The NBA Hall of Famer had sued Qiaodan Sports for using his name

NBA star Michael Jordan has won his case against Qiaodan Sports in China’s Supreme People’s Court.

Jordan had sued Fujian-based Qiaodan Sports in 2012 for using his name as well as his jersey number ’23’ without his permission. The Chinese characters for Jordan’s name are the same as Qiaodan’s.

In 2015, the Beijing Municipal High People’s Court ruled in favour of Qiaodan Sports. Jordan’s legal team then took the case to China’s Supreme People’s Court.

The court’s judgement was broadcast live on its website, stating that Jordan’s Chinese name is “well-recognised” in the country and he should retain the legal rights to it.

Qiaodan Sports has around 6,000 shoes and sportswear shops in China. The company has now been ordered to give up its trademark registrations of the Chinese version of the name.

“I am happy that the Supreme People’s Court has recognized the right to protect my name through its ruling in the trademark cases,” Jordan said in a statement sent to Reuters. “Chinese consumers deserve to know that Qiaodan Sports and its products have no connection to me.”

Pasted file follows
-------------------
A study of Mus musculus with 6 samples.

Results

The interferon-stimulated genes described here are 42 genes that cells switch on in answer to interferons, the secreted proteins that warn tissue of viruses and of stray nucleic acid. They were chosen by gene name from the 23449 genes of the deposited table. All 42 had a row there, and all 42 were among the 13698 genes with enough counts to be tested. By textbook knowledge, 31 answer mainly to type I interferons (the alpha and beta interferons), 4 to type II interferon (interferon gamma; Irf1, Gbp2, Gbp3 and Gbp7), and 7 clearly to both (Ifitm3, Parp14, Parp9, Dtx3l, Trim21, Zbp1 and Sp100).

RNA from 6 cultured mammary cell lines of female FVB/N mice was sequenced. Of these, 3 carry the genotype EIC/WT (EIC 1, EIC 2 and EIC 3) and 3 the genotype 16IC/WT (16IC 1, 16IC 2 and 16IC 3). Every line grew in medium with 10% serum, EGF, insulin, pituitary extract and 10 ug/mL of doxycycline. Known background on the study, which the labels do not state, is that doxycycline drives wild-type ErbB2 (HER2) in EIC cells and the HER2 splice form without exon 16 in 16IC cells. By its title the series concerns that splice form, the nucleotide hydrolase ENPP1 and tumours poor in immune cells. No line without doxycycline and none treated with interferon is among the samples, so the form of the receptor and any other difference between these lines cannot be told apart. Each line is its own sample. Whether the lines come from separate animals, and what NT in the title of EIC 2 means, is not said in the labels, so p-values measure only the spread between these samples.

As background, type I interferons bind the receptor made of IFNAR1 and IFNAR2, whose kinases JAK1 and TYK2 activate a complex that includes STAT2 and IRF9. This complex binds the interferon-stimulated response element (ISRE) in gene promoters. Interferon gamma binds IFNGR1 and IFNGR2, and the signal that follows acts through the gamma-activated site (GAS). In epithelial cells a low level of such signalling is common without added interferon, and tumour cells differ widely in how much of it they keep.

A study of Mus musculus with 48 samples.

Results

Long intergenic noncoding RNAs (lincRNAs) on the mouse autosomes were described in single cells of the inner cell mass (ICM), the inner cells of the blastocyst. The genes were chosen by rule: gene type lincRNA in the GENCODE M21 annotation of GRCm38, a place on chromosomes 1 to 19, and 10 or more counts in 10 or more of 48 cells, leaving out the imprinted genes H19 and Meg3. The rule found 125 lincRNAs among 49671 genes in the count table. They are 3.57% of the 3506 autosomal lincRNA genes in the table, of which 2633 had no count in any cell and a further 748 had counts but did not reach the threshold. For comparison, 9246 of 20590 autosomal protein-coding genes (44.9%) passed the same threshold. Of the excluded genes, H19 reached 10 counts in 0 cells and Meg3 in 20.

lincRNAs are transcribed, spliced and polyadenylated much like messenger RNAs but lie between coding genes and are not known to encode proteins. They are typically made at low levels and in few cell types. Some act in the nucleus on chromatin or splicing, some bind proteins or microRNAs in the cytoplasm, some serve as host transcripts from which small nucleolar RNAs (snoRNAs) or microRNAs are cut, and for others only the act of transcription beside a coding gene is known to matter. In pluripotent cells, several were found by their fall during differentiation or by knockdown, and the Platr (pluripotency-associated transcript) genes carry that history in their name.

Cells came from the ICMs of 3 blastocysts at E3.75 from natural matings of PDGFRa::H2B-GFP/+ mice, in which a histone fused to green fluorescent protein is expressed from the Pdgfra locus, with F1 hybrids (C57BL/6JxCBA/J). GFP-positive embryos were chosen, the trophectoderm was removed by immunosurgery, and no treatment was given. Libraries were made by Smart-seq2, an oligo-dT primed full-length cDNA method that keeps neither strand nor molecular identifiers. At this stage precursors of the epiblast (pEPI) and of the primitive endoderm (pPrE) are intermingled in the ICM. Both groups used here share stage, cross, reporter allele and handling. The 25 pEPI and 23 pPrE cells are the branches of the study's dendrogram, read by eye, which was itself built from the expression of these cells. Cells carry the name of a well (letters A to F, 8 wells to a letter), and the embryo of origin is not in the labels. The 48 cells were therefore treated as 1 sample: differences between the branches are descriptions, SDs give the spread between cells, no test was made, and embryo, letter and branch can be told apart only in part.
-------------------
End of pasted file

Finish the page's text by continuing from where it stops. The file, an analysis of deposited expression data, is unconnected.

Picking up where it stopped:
The basketballer is still awaiting another judgement in a Shanghai court for a different lawsuit he filed against Qiaodan Sports in 2012. Jordan said, “I respect the Chinese legal system and look forward to the Shanghai Court’s ruling on the separate naming rights case.”

Beijing-based intellectual property partner at law firm Baker & McKenzie, Andrew Sim, said that the verdict on Jordan’s case “shows China’s strong commitment to fight against trademark pirates, as this invalidates the trademark of a large Chinese sportswear company. The ruling will definitely have a positive effect in signaling to Chinese pirates that they cannot pirate the name of famous celebrities.”